It’s no surprise that J.R.R. Tolkien considered The Silmarillion to be his most important work. Even though it was never formally finished it his lifetime (under pressure from his publisher, Tolkien set aside work on the book to focus on his Lord of the Rings trilogy), he considered it the linchpin for his entire legendarium. And it’s true: there is more information—important information—packed into this book than in all three of the trilogy.
The Silmarillion is a massive, sprawling work. It has elements, especially rhetorically, of the Bible, as well as various and sundry mythologies, from Norse to Greek to Celtic. It begins at the beginning: Eru, The One, creates the universe, and then powers, called the Valar (think demigods) to inhabit it, and in turn they create the various races that we know—dwarves, elves, etc.
There is a lot of information in The Silmarillion and I do mean a lot. The bulk of the book is dedicated to the story surrounding the Silmarils, which are magical gems wrought by an early elf of considerably renown. Anticlimactically enough, all of the Silmarils are lost or destroyed before the Third Age, during which the events of The Lord of the Rings occur.
Interestingly, although we are used to thinking of Sauron as evil personified, in the grander scheme he is a mere “lieutenant” of the much more powerful evil, Melkor (known as Morgoth), who is responsible for most of the strife and discord during the Second Age. Melkor was a Valar, one of the original powers created by Eru (Iluvatar)—the strongest, even—who rebelled against his creator and wished for more power. This sort of mythological archetype brings to mind Milton’s Lucifer, as well as a few others.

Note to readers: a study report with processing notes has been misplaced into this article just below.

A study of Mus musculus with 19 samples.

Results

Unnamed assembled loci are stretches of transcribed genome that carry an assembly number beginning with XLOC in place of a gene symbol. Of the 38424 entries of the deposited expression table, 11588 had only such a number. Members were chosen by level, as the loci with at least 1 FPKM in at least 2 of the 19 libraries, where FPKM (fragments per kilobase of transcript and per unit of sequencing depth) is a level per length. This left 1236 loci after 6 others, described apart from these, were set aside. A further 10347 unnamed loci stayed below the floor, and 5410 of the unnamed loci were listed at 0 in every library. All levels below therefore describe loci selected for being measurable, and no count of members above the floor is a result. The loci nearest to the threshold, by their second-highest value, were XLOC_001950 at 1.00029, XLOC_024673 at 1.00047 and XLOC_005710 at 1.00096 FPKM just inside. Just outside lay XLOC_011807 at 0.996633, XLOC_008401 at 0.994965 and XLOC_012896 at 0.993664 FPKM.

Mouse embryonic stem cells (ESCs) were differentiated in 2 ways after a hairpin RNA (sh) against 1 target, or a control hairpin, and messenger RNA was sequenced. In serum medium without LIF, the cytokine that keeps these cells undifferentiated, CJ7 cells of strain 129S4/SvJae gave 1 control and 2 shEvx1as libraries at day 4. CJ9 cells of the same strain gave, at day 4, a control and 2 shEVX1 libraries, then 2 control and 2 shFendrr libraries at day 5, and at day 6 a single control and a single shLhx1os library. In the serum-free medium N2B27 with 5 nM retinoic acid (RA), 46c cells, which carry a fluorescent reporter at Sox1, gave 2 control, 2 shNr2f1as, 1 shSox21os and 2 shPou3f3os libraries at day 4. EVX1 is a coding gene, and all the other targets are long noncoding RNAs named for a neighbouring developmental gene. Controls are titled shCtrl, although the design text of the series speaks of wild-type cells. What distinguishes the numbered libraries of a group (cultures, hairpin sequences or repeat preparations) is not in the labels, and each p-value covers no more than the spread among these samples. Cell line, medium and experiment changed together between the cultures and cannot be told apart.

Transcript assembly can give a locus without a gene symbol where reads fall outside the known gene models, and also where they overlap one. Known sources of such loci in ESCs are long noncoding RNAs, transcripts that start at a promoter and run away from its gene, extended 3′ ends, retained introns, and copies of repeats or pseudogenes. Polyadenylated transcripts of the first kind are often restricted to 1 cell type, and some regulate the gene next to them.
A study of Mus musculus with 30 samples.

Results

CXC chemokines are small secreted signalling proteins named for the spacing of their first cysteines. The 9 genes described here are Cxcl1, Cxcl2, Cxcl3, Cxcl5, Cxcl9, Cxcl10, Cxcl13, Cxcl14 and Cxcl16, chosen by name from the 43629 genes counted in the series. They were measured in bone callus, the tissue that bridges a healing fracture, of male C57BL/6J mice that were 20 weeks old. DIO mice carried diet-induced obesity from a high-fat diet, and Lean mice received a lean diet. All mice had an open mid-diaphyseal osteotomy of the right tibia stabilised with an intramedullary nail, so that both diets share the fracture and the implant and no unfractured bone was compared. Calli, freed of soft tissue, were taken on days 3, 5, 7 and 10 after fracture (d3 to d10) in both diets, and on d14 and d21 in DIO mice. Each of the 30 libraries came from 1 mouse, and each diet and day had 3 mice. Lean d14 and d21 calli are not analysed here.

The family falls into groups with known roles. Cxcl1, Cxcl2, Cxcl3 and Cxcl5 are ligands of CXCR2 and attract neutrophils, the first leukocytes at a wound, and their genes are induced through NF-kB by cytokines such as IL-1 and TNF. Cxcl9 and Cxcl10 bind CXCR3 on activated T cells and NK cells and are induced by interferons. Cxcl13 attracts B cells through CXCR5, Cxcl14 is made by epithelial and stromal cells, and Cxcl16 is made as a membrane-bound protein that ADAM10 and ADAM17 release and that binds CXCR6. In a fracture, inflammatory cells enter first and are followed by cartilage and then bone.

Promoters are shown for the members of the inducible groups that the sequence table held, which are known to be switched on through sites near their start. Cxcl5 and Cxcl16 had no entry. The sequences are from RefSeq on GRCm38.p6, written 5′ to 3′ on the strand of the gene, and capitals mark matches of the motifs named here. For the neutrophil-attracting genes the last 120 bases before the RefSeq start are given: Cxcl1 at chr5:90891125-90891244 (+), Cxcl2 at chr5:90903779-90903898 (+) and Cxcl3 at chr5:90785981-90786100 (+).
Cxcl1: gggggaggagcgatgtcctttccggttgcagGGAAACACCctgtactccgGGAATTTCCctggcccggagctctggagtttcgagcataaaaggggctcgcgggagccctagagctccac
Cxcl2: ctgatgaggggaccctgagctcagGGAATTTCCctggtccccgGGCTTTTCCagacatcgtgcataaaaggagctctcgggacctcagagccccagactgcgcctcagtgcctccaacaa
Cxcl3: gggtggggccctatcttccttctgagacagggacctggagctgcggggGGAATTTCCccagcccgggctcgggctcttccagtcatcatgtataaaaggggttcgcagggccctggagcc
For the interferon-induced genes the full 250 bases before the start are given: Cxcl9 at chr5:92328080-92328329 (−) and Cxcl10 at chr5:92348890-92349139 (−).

I would recommend The Silmarillion to anyone interested in Tolkien, but warn that the sheer number of names and places can be mind-boggling. The book isn’t resistant to a complete read-through—in fact, it’s a ripping good story—but it’s also the sort of book that’s meant in some ways to be a reference, because in all likelihood the specifics of geography, lineage and chronology will pass out of your head as quickly as they enter it (at least the first time around). Reading this history, however, will shed considerable light on the numerous allusions of Tolkien’s more popular works.